Until I became a mother six short months ago, I never truly understood, or had an appreciation for, parents who continued working after the birth of their children. And yet here I am, a working mother with a six-month-old son attached at my hip daily as I plug along inputting information into spreadsheets and answering emails for two companies.
To back up a bit, I started working at two companies by accident. I was five months pregnant when the pandemic hit the U.S. in March. Before we knew of the coronavirus, my husband and I sat down to discuss what our plan looked like after the baby was born. Would I continue working? Would I become a stay-at-home mom? I was fortunate to have options. Together, we chose to meet in the middle. I would take one year off to eliminate daycare costs and acclimate to motherhood. And who wouldn’t want to stare at a chubby little face every day for a year?
Then the pandemic hit and our plan turned upside down. I knew in April, with the unemployment rates jumping through the roof, that I was thankful to have a job, and a career as a Senior Manager of Marketing and Communications for a tech company in the Bay. I couldn’t leave that behind and risk putting my family in financial ruin. So I chose to stay with my current company as the virus unfolded in our area.
My husband is a commercial airline pilot. His industry was hit hard and the government had to approve a bailout package to ensure the public could still travel in the future and people like my husband still had a job at the end of this. So, he took an unpaid leave to avoid getting furloughed. That meant I was the breadwinner — and a soon to be new mom.
During my maternity leave, my former manager had extended an offer to me to lead communications for her team at her new company. I was thrilled to be offered an opportunity that would diversify my portfolio during a time when jobs were scarce. I said yes and contracted with the company. I was, and am, still employed by my existing company as well.
Because of my husband taking an unpaid leave to avoid furlough, I have been scared to leave my existing company where I am a salaried employee and jump to being a full-time contractor where the hours are inconsistent. Being able to make my own hours is a perk of being a contractor, to be sure, but I need consistency to make sure we have food on our table. I decided to keep both career-building opportunities, while raising an energetic little baby for the time-being. AKA, until my husband is able to return to flying, I will be working my tail off and hoping no more gray hair pops through.
Day to day is tough. Because we were living in our bubble and social distancing from family and friends, we are opposed to hiring someone to come help take on household tasks or entertain the baby during the day. My husband has now assumed the role of stay-at-home dad for the next nine months of his leave — something he didn’t expect but, we are so lucky to have two parents at home during the day for the first year of our son’s development.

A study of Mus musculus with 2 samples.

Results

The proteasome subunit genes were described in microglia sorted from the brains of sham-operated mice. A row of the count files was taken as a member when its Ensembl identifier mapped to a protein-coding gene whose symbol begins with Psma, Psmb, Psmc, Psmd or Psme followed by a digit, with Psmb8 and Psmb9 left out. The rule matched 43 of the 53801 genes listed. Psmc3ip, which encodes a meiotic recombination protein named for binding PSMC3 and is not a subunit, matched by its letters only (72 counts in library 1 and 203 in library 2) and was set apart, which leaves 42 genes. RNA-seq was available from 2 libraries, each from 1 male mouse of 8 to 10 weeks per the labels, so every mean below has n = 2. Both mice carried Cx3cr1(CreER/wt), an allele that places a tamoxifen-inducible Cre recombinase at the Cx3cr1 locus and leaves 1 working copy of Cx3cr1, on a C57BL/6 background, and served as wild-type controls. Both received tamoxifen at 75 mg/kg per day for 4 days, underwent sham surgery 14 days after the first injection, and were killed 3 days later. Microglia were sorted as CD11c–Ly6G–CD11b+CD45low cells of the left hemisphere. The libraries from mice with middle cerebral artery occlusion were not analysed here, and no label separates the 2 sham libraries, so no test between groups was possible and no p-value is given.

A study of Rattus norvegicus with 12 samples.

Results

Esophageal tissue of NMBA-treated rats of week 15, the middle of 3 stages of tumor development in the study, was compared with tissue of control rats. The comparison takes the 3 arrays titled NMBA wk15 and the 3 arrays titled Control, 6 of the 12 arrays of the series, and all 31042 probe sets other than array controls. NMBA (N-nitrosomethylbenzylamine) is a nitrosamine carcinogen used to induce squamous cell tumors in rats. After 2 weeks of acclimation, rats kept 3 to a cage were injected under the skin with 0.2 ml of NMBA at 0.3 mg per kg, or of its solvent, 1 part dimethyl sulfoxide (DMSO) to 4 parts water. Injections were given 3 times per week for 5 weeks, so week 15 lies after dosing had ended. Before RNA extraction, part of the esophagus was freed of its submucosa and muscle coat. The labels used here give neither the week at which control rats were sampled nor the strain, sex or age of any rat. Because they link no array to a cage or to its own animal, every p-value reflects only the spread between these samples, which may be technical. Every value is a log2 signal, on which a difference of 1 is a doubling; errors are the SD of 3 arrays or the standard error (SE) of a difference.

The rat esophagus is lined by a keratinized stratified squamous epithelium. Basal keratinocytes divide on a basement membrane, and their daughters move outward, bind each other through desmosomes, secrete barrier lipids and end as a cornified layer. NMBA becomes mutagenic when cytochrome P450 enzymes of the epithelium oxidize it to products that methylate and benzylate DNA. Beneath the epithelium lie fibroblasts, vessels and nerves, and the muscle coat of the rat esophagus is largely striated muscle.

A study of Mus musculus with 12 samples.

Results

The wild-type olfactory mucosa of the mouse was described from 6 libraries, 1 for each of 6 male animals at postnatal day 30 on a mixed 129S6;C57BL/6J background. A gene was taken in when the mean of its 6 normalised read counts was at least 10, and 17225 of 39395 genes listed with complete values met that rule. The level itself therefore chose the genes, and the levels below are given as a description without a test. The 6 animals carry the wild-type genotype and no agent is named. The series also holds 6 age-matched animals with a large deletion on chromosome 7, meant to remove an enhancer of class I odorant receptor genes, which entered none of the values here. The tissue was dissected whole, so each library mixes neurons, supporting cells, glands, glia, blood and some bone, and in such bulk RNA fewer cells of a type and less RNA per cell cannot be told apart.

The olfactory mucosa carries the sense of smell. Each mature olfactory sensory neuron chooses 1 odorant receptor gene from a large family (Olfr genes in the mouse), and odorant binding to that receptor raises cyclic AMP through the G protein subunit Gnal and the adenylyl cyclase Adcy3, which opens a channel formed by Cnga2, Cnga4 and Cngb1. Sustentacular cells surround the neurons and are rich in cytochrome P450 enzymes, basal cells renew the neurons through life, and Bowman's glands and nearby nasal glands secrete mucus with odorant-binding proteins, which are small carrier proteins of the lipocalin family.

There’s another twist, though. My husband suffers from chronic pain. His pain can be manageable one moment, and another it’s so bad he can’t get out of bed. It’s unpredictable, and it’s hard to know when it’s a bad moment and when he is doing “okay.” Because of his situation, I need to step in 50% of the day to ensure our son has structure and stability during the day. So here we are, in the center of a pandemic, and my day-to-day consists of balancing a budding career, a baby, a husband in pain, and the household. Thank goodness the cat is independent.
When you zoom out, everything looks like a well-oiled machine. Dishes are washed, laundry is folded, the living room is organized … for the most part. When I talk to my teams, they assume I have external help during the day, and I don’t say anything to change their minds. Even though I work for a company with a strong D&I backdrop, I still feel embarrassed to tell my team that it’s just me and my husband chaotically taking care of the baby daily. With women’s pay equity still a factor, mothers who work suffer even more pay inequity; it gives me pause to say out loud that I need to rush from a meeting to feed my child while my husband takes a few moments to sort out his pain away from the family. But I am reliable, I always think to myself!
When you zoom into my daily life, I am in a virtual meeting while feeding a baby under the camera so no one can see him, then changing him when the meeting concludes. I will hear him getting fussy and my husband will need a break, so I will be bouncing my son on my lap as I complete our annual strategy or work on updating metrics, all while trying to turn to the side to avoid screen time for a six-month-old. After I finish working my “day shift,” as I call it, I head to the baby to entertain him 1:1 for a while before feeding him, making dinner for the adults, and then getting him ready for bed. Once he’s down, I jump back online to finish up everything that I couldn’t get done during the day because of the back-and-forth between motherhood and my career.
It is so exhausting and yet so rewarding to be a parent. So, to all the moms out there, single, coupled up, or married, know that you are not alone. There are some days where I don’t even know how I survived, and some days feel lighter. Even when my child is screaming in the background while my husband yells “Where is the burp bib? He spit up again,” not fully realizing I’m in a virtual meeting — and my SVP is then asking me to mute because he can’t hear himself talk over the chaos in my house — I still wouldn’t give it up for anything.
If you are wondering how to do it all, my advice is to just breathe. There isn’t a way to “do it all.” Getting up and keeping everyone going is enough, and you are doing the best you can with the cards dealt right now.